Sen. Jeff Sessions: ‘Sentencing Reform’ Bill Rewrite Will Release Even More Illegal Alien Drug Traffickers
A new version of a bipartisan sentencing reform bill is worse than the original version and will release many dangerous criminals back into American streets, says Sen. Jeff Sessions (R-AL).
“The revised bill still shortens mandatory minimums for repeat drug traffickers, including those who carried a gun, and would allow for early release of those currently in federal prison,” Sessions said in a statement that denounces the bill.
“Moreover, this proposal would provide for leniency for illegal alien drug traffickers. The criminal aliens who were responsible for the 2015 killing of Kate Steinle and the 2014 murders of California Detective Michael Davis, Jr. and Deputy Sheriff Danny Oliver had been earlier convicted for the same class of federal drug crimes that some in Congress now seek to roll back through this legislation,” he added.
The Sentencing Reform and Corrections Act of 2015 (SRCA) is being pushed by Republican Speaker Rep. Paul Ryan (R-WI) in the House. It is backed by some major donors, many Democrats and by President Barack Obama, but is being quietly opposed by many legislators. So far, the bill has not won enough backing for leaders to schedule a debate and vote, as polls showing rising concern about crime and House calendar gets closer to the November elections.
The leaders of the opposition include Sessions, Arkansas Sen. Tom Cotton (R-AR) and Georgia Sen. David Perdue (R-GA). The bill is also opposed by a series of police and law enforcement associations.
Even without the bill, the federal prison population has recently dropped, and so have drug prosecutions, Sessions said.
Since 2011, the federal prison population has decreased by over 20,000 (over 9 percent), bringing it to its lowest level since 2006. It will continue to decline by another 10,000 over the next year, bringing it to its lowest level since 2004. Drug prosecutions have dropped 21 percent since 2011. The Sentencing Commission recently ordered the release of 46,276 federal drug trafficking felons from federal prison, including those who carried semi-automatic weapons, participated in international heroin smuggling rings, and have violent criminal histories. And just last year, the Obama Administration released 90,000 criminal illegal aliens from custody.
Sessions added that bill softened punishments for illegal aliens trafficking drugs into America — as drug overdose deaths surge to a high never before seen in U.S. history.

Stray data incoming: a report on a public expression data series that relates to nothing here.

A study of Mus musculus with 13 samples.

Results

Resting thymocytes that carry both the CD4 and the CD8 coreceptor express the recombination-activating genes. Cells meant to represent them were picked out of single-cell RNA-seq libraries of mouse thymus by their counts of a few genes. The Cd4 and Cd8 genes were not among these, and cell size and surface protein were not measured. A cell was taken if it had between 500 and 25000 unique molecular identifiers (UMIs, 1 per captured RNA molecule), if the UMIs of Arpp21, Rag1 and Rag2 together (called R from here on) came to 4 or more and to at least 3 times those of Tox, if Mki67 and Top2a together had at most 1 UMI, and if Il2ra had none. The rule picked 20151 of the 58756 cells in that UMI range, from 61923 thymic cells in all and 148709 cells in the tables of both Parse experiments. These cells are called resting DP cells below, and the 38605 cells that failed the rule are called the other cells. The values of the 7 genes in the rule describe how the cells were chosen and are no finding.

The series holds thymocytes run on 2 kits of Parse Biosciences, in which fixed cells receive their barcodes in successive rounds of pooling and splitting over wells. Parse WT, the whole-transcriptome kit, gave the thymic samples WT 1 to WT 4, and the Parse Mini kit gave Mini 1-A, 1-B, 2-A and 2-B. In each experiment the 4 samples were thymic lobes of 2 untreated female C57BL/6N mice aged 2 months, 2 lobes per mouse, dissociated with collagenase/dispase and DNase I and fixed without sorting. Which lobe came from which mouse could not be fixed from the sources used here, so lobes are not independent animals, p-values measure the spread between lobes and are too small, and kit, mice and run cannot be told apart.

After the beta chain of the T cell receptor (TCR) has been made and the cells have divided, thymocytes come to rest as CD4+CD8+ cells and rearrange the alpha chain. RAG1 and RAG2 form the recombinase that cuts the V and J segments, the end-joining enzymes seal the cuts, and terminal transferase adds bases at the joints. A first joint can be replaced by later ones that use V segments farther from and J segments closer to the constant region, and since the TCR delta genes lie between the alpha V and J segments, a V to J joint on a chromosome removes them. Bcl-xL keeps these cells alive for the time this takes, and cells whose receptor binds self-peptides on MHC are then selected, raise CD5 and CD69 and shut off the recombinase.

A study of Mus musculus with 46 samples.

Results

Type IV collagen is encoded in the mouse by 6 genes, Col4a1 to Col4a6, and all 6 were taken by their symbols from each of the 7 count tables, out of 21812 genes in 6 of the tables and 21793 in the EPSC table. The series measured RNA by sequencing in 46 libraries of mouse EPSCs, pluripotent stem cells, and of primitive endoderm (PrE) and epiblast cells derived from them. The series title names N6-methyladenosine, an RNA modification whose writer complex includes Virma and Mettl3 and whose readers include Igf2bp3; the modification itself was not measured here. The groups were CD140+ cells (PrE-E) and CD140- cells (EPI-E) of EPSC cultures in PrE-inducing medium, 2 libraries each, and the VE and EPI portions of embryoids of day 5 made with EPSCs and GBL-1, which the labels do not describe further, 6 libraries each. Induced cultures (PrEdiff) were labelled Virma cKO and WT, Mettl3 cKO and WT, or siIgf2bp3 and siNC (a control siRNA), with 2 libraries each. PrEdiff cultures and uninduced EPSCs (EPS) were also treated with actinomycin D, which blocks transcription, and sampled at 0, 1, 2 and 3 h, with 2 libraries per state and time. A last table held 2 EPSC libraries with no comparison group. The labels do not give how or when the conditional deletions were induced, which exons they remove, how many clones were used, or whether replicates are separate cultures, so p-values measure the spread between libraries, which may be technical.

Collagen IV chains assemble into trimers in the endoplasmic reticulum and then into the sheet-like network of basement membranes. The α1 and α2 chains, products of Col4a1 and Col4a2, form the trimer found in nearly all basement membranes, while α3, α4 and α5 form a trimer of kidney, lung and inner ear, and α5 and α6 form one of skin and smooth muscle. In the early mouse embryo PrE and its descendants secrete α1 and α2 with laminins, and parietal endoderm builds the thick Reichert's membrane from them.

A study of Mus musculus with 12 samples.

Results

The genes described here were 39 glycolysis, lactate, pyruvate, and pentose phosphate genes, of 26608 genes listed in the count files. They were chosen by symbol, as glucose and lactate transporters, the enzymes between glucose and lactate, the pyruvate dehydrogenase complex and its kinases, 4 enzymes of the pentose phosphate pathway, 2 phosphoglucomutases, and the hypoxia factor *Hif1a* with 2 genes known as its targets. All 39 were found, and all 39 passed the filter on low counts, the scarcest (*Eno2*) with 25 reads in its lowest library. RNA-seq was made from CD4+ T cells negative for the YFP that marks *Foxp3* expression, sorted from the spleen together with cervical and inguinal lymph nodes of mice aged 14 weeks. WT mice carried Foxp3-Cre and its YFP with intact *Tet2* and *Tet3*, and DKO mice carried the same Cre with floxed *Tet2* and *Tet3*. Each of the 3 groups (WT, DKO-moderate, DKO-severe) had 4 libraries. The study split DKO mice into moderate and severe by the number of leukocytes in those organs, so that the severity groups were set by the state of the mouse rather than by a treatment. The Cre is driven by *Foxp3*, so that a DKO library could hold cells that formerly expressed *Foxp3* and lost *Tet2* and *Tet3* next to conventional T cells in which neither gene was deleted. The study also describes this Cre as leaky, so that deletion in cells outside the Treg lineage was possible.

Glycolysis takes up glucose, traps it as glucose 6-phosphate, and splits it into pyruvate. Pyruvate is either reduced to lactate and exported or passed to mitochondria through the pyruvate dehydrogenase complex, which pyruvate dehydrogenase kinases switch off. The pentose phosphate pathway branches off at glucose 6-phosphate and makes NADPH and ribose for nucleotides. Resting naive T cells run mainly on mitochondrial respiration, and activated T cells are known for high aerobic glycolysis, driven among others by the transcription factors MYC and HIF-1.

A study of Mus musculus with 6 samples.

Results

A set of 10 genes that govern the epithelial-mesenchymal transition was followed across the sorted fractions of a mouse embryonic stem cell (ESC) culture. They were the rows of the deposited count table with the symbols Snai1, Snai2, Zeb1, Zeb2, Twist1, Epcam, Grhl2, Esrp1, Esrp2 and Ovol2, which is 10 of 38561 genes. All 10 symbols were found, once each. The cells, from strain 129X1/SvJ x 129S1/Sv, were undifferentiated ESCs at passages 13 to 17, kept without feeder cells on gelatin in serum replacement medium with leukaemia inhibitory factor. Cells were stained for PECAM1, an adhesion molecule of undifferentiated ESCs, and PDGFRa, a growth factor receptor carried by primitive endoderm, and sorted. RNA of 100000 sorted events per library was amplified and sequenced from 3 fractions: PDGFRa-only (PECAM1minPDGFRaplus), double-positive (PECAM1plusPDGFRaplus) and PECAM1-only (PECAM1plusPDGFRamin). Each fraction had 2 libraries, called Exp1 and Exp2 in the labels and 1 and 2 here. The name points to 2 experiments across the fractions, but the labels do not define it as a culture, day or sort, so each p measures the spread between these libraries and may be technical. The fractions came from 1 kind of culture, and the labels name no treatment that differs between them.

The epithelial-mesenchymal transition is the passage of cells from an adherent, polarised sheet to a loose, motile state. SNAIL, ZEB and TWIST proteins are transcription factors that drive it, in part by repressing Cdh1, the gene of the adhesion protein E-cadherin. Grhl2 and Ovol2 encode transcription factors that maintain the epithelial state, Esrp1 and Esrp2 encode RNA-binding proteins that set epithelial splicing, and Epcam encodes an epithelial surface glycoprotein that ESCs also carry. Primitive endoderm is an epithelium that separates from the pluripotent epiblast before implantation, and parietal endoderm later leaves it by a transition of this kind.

Over half a million Americans died from drug overdoses in just the last ten years, largely thanks to heroin and other opiates. Overdoses killed 47,055 in 2014 — alone. One hundred and twenty-five people die every single day in America due to drug overdoses, according to the New York Times; 78 of those from heroin and painkillers. Estimates perhaps differ — Sessions said 120 die per day from heroin overdoses.
Over 25 percent of federal drug trafficking defendants, and 77 percent of federal drug possession defendants, convicted in 2015 were not U.S. citizens, Sessions noted: “Many of these individuals are members of transnational gangs that wreak havoc on both sides of the border, as shown by Texas law enforcement professionals analyzing gang activities in the state in 2015.”
The violence, carnage, and destabilizing mayhem cartels wreak in Mexico and in the U.S. have been extensively chronicled by Breitbart News. A great deal of their revenue comes from smuggling illegal aliens into the U.S. — and 90 percent or more of all heroin trafficked in America is brought here thanks to illegal alien drug mules.
Several law enforcement groups have criticized the bill’s sentencing reductions, many retroactive, meant to give relief to convicts, including Third World illegals, pushing drugs onto American communities.
“People affected by federal sentencing laws are not ‘low-level non-violent’ offenders,” an incredulous Bob Bushman, President of the National Narcotic Officers’ Associations Coalition, said in an October statement.
“Drug trafficking is a very volatile trade that relies upon violence as a tactic of intimidation to ensure cooperation, protection and success of the illegal business. Drug dealers don’t pay taxes on their earnings, yet their illicit activities cost the taxpayers dearly to fund the law enforcement, medical, and social services that are required to clean up the carnage and destruction left in the drug dealers’ wake. Is this who we want to help with changes to federal sentencing laws?”
FBI Agents Associates President Reynaldo Tariche cautioned against “creating unnecessary risks for already vulnerable communities,” adding: “Congress should be very careful about making sweeping changes to the sentencing options available to investigators and prosecutors who combat criminals and terrorists.”